There are few, if any, people more quotable in the history of food writing than Julia Child. John collates just a handful of his favourites.
by John Pope on February 11, 2014
There is really no reason to post this article today, it’s not the anniversary of her birthday (August 15th), in fact it’s not the anniversary of anything Julia related that I’m aware of. When I was looking for something on the shelf this morning I just happened to lay my hand on a Julia Child book and was reminded just how much I love her writing.
So, I thought I’d collate a few of my favourite lines/quotes from the life and work of a woman who played a massive part in shaping the modern “foodie” world, and who is always a sheer joy to read.
Dining with one’s friends and beloved family is certainly one of life’s primal and most innocent delights, one that is both soul-satisfying and eternal. In spite of food fads, fitness programs, and health concerns, we must never lose sight of a beautifully-conceived meal.
You have to eat to cook. You can’t be a good cook and be a non-eater. I think eating is the secret to good cooking.
People who love to eat are always the best people.
I’m awfully sorry for people who are taken in by all of today’s dietary mumbo jumbo. They are not getting any enjoyment out of their food.
You learn to cook so that you don’t have to be a slave to recipes. You get what’s in season and you know what to do with it.
Noncooks think it’s silly to invest two hours’ work in two minutes’ enjoyment; but if cooking is evanescent, so is the ballet.
Of course I made many boo-boos. At first this broke my heart, but then I came to understand that learning how to fix one’s mistakes, or live with them, was an important part of becoming a cook.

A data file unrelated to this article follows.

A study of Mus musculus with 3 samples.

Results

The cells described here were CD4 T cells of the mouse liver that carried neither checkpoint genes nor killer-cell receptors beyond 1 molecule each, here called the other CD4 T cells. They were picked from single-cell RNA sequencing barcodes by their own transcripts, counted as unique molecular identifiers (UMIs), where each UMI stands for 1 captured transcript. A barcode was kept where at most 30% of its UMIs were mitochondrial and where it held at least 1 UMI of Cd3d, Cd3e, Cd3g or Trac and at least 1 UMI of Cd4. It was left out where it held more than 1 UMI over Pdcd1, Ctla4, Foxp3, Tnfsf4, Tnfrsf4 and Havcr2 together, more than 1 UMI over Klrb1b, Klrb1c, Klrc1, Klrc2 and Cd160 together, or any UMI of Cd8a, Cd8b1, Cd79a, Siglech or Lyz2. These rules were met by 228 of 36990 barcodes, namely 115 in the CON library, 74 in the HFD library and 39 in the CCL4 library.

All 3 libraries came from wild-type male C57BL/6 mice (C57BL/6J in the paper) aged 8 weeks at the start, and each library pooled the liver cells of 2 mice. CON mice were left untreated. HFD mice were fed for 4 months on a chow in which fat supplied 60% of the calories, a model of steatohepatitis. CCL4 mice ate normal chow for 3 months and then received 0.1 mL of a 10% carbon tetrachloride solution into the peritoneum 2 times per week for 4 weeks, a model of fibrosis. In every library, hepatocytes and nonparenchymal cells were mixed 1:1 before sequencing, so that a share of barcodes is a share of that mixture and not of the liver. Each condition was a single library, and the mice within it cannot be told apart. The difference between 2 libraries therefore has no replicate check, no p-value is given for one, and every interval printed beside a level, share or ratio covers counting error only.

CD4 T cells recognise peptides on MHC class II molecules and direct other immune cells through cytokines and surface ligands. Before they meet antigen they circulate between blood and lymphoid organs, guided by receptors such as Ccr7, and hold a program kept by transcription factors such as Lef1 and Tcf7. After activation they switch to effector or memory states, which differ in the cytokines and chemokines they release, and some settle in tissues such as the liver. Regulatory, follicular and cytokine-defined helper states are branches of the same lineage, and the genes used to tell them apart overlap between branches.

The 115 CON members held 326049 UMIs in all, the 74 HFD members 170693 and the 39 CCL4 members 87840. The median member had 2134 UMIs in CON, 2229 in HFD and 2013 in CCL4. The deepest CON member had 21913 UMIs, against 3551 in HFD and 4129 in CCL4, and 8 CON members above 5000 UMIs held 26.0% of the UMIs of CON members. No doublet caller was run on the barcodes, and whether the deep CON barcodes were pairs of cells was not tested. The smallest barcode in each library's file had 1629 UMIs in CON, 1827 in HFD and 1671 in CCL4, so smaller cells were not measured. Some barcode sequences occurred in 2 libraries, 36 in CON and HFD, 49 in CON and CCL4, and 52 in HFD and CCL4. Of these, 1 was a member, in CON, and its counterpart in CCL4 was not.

Cooking is one failure after another, and that’s how you finally learn.
With enough butter, anything is good.
It is hard to imagine a civilization without onions.
How can a nation be called great if its bread tastes like kleenex?
The American poultry industry had made it possible to grow a fine-looking fryer in record time and sell it at a reasonable price, but no one mentioned that the result usually tasted like the stuffing inside of a teddy bear.
As you get older, you shouldn’t waste time drinking bad wine.
Fine wine is a living liquid … Its life comprises youth, maturity, old age, and death.
…and just general wisdom
Drama is very important in life: You have to come on with a bang. You never want to go out with a whimper. Everything can have drama if it’s done right. Even a pancake.
Always remember: If you’re alone in the kitchen and you drop the lamb, you can always just pick it up. Who’s going to know?
A quote that is often misattributed to Julia Child but is actually from a 1956 article by Harriet Van Horne, included here anyway because I really like it.
Cooking is like love; it should be entered into with abandon or not at all.